The US repeatedly asked Norway to detain and deport whistleblower Edward Snowden if he tried to enter its territory in the aftermath of his leaks on mass US global surveillance, Norwegian media revealed citing formal requests.
Norway’s Ministry of Foreign Affairs received the first letter from Washington shortly after the former National Security Agency (NSA) contractor’s revelations went public when he was stranded in Moscow’s Sheremetyevo airport.
The note, dated June 27, 2013, was quoted by Norway’s NRK broadcaster: “We request that should US citizen Edward J. Snowden attempt to enter Norway through any means, the Government of Norway notify the Embassy immediately and effectuate the return of Mr. Snowden to the United States by way of denial of entry, deportation, expulsion or other lawful means.”
On the same day, the FBI’s Scandinavia office followed up with another letter addressed to justice authorities in Norway, Sweden and Finland.
It described Snowden as a criminal fugitive and urged them to notify American personnel if the whistleblower booked a flight to one of their countries from Moscow.
USA asked Norway, Sweden, Iceland to arrest Edward Snowden http://t.co/OzEVAQPi2j
— WikiLeaks (@wikileaks) August 27, 2015
These correspondences were followed up with a separate message to Norway’s Department of Foreign Affairs on July 4, 2013, requesting that Snowden be arrested and extradited if he were to attempt to enter Norwegian territory. “The United States urges that Snowden be kept in custody, if arrested,” the note said.
The language in documents revealed by NRK reflects how desperately the US wanted to contain the information Snowden had in his possession.
“The Embassy requests the seizure of all articles acquired as a result of the offenses (..) This includes, but is not limited to, all computer devices, electronic storage devices and other sorts of electronic media.”
The most problematic aspect of the US making such bullish requests is that Snowden would have been denied his international right to apply for asylum before being arrested had the countries complied, Snowden’s lawyer Ben Wizner told NRK.
“What is troubling to me is the suggestion that if Mr. Snowden showed up in one of these countries, he should be promptly extradited – before he would have a chance to raise his humanitarian rights under international law,” he said.
“The only correct response from political leaders in Norway or any other free society should be to tell the US that this is a question of law and not a question of politics. And that, under international law, someone who is charged with a political offense has a right to raise a claim for asylum before the question of extradition even comes up.”
Norway: Hey Snowden here's a prize, now could you head to the court so we can decide if we wanna extradite you kthx: http://t.co/c32K8wKX3G
— Jenna McLaughlin (@JennaMC_Laugh) August 27, 2015
Snowden has been invited to Norway to receive the prestigious Bjørnson Prize by the Bjørnstjerne Bjørnson Academy for freedom of expression. The award is being presented to Snowden “for work protecting privacy and for shining a critical light on US surveillance of its citizens and others.”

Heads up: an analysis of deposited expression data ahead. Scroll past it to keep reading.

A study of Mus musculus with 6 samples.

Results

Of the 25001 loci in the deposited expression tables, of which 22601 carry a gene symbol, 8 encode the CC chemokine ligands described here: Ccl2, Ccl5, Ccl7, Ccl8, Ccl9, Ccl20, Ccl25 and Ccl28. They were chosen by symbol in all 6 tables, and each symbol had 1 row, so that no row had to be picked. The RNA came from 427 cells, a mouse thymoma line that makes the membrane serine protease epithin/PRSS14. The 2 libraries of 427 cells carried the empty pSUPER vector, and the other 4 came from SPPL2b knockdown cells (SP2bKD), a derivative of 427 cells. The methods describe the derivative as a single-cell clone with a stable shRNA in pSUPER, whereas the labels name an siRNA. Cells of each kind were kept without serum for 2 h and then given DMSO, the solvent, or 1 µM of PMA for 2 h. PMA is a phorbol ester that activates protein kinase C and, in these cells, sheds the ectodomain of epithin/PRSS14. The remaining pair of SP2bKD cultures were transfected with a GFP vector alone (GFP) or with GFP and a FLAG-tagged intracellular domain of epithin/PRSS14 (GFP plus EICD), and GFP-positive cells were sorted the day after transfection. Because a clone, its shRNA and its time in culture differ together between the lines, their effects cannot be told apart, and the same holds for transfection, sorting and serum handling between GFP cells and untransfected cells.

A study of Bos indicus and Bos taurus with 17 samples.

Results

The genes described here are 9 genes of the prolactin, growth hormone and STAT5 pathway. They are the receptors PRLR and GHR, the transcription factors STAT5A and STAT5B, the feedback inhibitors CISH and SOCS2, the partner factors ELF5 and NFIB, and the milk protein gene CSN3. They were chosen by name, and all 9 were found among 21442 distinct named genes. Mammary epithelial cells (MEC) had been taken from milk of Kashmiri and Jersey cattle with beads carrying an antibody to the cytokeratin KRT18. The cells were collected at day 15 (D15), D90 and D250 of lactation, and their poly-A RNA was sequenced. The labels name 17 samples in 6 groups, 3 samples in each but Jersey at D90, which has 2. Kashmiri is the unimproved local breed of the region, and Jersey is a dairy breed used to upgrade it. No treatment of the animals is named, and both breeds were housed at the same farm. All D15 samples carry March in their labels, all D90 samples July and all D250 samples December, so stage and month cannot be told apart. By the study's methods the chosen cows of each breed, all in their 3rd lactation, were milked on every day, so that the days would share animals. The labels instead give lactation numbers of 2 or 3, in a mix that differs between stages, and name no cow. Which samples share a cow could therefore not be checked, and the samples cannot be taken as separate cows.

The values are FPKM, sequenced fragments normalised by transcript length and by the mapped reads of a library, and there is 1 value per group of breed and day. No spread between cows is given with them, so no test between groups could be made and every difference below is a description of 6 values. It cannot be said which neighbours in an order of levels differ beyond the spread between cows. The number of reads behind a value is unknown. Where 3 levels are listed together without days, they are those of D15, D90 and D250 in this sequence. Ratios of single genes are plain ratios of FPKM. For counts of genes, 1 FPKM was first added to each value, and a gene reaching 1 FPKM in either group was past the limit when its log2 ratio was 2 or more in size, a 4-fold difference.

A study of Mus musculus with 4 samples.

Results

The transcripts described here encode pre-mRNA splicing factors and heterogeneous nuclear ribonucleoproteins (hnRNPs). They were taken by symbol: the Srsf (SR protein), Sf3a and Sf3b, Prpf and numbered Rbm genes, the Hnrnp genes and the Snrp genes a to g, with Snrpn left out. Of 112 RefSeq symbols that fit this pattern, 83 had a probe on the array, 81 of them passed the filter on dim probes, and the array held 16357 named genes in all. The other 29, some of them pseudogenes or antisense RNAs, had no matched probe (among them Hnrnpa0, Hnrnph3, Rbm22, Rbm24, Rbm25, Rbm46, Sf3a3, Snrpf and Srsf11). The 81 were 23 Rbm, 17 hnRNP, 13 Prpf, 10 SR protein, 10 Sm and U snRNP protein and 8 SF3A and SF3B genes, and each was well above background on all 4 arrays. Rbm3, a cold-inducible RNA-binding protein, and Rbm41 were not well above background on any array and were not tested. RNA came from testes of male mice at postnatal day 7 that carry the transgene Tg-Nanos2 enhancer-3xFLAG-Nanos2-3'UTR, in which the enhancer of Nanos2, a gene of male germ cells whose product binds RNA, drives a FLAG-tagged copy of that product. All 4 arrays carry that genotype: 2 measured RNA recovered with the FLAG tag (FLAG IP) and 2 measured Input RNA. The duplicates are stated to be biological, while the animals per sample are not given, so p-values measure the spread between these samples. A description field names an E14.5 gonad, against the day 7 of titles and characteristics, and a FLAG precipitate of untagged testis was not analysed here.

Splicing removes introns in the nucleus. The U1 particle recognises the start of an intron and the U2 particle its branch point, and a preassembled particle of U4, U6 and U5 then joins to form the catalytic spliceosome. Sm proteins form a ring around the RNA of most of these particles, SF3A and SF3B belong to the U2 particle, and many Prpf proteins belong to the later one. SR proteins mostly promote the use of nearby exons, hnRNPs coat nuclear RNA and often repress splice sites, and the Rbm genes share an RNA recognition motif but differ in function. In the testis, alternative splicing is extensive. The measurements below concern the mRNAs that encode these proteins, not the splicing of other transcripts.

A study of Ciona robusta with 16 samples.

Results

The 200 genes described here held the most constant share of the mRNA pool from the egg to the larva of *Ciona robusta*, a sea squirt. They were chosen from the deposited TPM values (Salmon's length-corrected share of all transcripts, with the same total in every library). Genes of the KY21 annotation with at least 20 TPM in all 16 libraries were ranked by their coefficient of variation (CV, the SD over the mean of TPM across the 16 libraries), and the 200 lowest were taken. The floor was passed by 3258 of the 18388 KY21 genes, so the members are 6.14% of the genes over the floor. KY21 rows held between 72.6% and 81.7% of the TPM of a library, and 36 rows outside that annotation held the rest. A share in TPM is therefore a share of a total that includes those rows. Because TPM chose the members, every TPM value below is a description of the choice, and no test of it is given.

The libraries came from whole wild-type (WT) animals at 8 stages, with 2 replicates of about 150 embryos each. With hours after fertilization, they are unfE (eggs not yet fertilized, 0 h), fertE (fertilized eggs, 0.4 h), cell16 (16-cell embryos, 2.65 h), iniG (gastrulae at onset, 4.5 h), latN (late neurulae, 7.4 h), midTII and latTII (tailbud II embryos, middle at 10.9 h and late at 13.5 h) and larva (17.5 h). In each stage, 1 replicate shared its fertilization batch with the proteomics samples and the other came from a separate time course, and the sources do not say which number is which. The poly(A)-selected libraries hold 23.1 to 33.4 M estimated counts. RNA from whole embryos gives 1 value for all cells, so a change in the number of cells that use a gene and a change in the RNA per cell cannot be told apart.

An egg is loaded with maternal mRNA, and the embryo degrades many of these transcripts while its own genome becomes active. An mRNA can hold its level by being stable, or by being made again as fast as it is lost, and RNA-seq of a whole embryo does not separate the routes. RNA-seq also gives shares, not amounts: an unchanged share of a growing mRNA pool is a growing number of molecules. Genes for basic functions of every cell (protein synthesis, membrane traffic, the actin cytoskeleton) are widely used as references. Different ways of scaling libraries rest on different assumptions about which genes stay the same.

However, it is still unclear whether Norway would arrest Snowden if he attempted to enter the country.
Norway’s Justice and Foreign Affairs departments said that the US’ requests had not been answered because, under Norwegian law, no country can make an extradition request until the alleged criminal is actually on Norwegian territory.
Jøran Kallemyr, State Secretary in Norway’s Department of Justice, confirmed this view: “What Norway has done is to inform the American authorities how the Norwegian system works,” he said. “If they request an extradition, the prosecuting authorities will decide if the case should be brought before the courts. And the court will decide if the terms for extradition are fulfilled.”
Norway is not the only country reportedly bullied to hand over Snowden. Washington threatened to stop sharing intelligence with Berlin should Germany offer asylum to Snowden or even try to arrange any kind of travel to Germany, according to a report by journalist Glenn Greenwald.
“They told us they would stop notifying us of plots and other intelligence matters,” German Vice Chancellor Sigmar Gabriel said earlier this week, as cited by Greenwald in the Intercept.
Snowden sought political asylum in Russia in 2013 after facing arrest and extradition to the US, where he has been charged under the country’s Espionage Act.
On August 1, 2013, Russia granted him asylum for one year, saying it had no other legal choice. A year later, Snowden received a Russian residence permit valid for three years, valid from August 1, 2014. In March, he publicly asked Switzerland to grant him political asylum.
Snowden has been condemned as a criminal in the US for leaking a vast trove of classified material to journalists who published the documents, revealing the espionage antics of the NSA’s global spying operations.
The documents leaked by Snowden informed the public that the US government, together with European allies, is gathering and storing millions of pieces of metadata on citizens. Other disclosures revealed that the NSA bugged the personal communications of high-ranking businessmen and world leaders, including German Chancellor Angela Merkel and Brazilian President Dilma Rousseff.